What’s Keeping Teenagers Up?

May 22, 2018 by: Emily Harbard, Bpsych
Bei Bei, DPsyc, PhD

If sleep is so important, why are many adolescents not achieving the recommend nightly sleep duration, leaving them more vulnerable to health, academic, and emotional difficulties?

Early school start times do play a role. A 2014 Melbourne study found upon entering a two-week vacation period after the conclusion of the school term, adolescent bedtimes and risetimes became later, and sleep duration increased substantially by nearly an hour on average. However, despite longer sleep duration, sleep quality remained high during the first few non-school days. This suggests that adolescents may have received insufficient sleep and therefore accrued a sleep debt during the school term.

In addition to school times, adolescents’ behavior before bed could also matter. In recent years, more and more adolescents have regular access to portable technologies such as smartphones, tablets, and laptop computers. Some studies linked the use of these technologies with negative outcomes on sleep. However, some questions remain as to why such relationships exist.

Australian researchers wanted to learn more about what kinds of pre-bedtime activities contribute to poor sleep among teens, and also, identify any behaviors that may promote better sleep. They looked at 25 activities that adolescents typically do in the hour before bed, such as sending e-mails or text messages, exercise, snacking, spending time with family or friends, playing video games, reading, listening to music, and using social media.

They then examined how each of these activities related to sleep, during both the school term and vacation period, taking into account chronotype – that is, whether teens tend to be more alert later in the evening (“night owls”) or more alert in the morning (“morning larks”). Sleep was measured objectively through a watch-like device that measures sleep and wake patterns. The study involved 146 adolescents aged 16-18 years.

Surprisingly, most pre-bedtime activities in their study had little effect on sleep duration or quality. The most important factor affecting sleep was the teenagers’ chronotype. Night owls tend to stay up later regardless of their bedtime activities, and morning larks go to sleep earlier even when they engage in these activities right before bed. A normative part of adolescent development is the experience of a ‘phase-delay’, the increasing tendency for many teenagers to feel sleepy later at night and wake up later in the morning when allowed to sleep in. This tendency, or later ‘body clock’, can be attributed to changes in biological processes and rhythms as teenagers mature. So perhaps these bedtime activities are not directly replacing sleep time. Rather, adolescents are engaging in behaviors such as watching television to pass the time in the evenings when they feel alert, until they are ready to fall asleep.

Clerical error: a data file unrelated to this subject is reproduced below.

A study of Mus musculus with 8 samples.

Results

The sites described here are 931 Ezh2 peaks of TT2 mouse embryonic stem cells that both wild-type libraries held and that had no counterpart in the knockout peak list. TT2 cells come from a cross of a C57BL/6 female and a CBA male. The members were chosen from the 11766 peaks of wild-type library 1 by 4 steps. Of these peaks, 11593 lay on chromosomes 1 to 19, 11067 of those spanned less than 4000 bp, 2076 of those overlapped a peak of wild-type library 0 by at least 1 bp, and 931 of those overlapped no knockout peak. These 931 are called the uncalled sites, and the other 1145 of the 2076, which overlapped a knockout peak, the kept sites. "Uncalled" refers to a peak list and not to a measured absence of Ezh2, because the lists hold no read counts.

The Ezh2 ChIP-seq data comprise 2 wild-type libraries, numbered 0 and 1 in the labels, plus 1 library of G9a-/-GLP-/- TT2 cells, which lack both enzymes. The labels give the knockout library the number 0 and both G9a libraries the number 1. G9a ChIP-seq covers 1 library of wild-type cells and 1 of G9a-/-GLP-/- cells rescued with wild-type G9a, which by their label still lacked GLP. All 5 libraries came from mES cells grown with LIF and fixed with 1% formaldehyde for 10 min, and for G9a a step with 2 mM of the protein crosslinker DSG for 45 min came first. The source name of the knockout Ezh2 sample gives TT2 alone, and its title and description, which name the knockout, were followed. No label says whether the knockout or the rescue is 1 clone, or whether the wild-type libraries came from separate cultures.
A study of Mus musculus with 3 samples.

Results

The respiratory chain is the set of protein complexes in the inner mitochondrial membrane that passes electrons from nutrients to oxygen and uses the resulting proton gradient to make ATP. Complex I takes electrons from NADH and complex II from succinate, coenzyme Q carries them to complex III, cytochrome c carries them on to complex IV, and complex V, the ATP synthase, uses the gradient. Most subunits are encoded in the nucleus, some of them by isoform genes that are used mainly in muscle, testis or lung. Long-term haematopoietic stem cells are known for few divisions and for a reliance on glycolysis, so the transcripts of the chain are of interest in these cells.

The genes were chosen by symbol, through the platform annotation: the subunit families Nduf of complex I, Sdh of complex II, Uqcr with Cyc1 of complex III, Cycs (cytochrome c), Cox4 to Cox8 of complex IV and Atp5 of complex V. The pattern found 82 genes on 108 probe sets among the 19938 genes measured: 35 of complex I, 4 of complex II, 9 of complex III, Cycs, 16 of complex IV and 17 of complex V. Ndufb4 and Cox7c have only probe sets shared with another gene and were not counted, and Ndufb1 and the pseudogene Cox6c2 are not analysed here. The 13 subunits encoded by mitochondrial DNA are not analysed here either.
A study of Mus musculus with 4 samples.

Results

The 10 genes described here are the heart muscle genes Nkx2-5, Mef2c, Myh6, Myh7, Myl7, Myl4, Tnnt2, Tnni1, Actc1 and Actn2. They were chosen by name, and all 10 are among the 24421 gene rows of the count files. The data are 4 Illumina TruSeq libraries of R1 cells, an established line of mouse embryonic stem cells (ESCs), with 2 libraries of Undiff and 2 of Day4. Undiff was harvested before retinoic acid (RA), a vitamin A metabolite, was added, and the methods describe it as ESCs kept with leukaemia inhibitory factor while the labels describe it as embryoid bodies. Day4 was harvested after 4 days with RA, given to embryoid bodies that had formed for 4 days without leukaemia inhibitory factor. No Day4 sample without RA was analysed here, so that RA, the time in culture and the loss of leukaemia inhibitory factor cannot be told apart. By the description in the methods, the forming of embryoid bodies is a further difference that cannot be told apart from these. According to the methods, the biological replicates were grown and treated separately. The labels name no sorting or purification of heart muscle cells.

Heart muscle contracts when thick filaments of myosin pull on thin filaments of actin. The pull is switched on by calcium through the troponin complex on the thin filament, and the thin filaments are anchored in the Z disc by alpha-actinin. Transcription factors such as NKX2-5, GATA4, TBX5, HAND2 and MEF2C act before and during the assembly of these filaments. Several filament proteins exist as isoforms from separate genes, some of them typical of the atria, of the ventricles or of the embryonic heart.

There were, however, some exceptions. Teenagers who frequently played video games right before bed tended to have significantly later bedtimes, regardless of chronotype. This might have to do with the nature of video game playing, such that adolescents might persevere in playing games late into the night, instead of going to bed.

There is also good news: teenagers who spent more time with their families before bed tended to have earlier bedtimes and longer sleep duration. This may be because adolescents who spend more time with their parents have greater parent involvement and input into their nighttime activities, discouraging those problematic behaviors like video-gaming at night.

Furthermore, in the vacation period, engaging in social media activities before bed (such as Facebook, messaging) was related to a significantly longer time taken to fall asleep. This relationship was shown to be related to cognitive arousal (e.g., thoughts, daydreams). Engaging in social media behaviors could increase cognitive arousal, which in turn was associated with more difficulty falling asleep. Interestingly, this relationship did not exist during the school term. Perhaps the sleep restriction that adolescents experience during the week, through later bedtimes but consistently early rise times driven by school schedules, increases their need for sleep at night, so that their sleep drive overrides any cognitively alerting effects of social media.

Importantly, the results from this study suggested that teenagers’ body clock and their day-to-day schedules have much stronger effects on sleep than most bedtime activities. Avoiding certain problematic activities (such as video-gaming) is important, and for adolescents who are prone to sleep onset difficulties, it is also helpful to engage in activities that may lead to feelings of calm and relaxation, such as meditation or listening to relaxing music. In addition, creating a sleep/wake schedule which accommodates adolescents’ particular chronotype (e.g., avoid early morning commitments for night owls), encouraging bright light upon awakening, and being involved in adolescents’ nighttime routines, may be particularly beneficial in assisting teenagers to maximize their sleep and improve their overall well-being.

Emily Harbard

Emily Harbard, Bpsych

Ms. Harbard graduated with a Bachelor of Psychology (Honours) from Monash University in 2014. She is currently working as a research assistant in the field of population health. She is working towards her Master of Educational Psychology at the University of Melbourne.

Bei Bei

Bei Bei, DPsyc, PhD

Dr Bei is a sleep researcher and Clinical Psychologist at School of Psychological Sciences, Monash University, and she was Emily's research mentor for this article.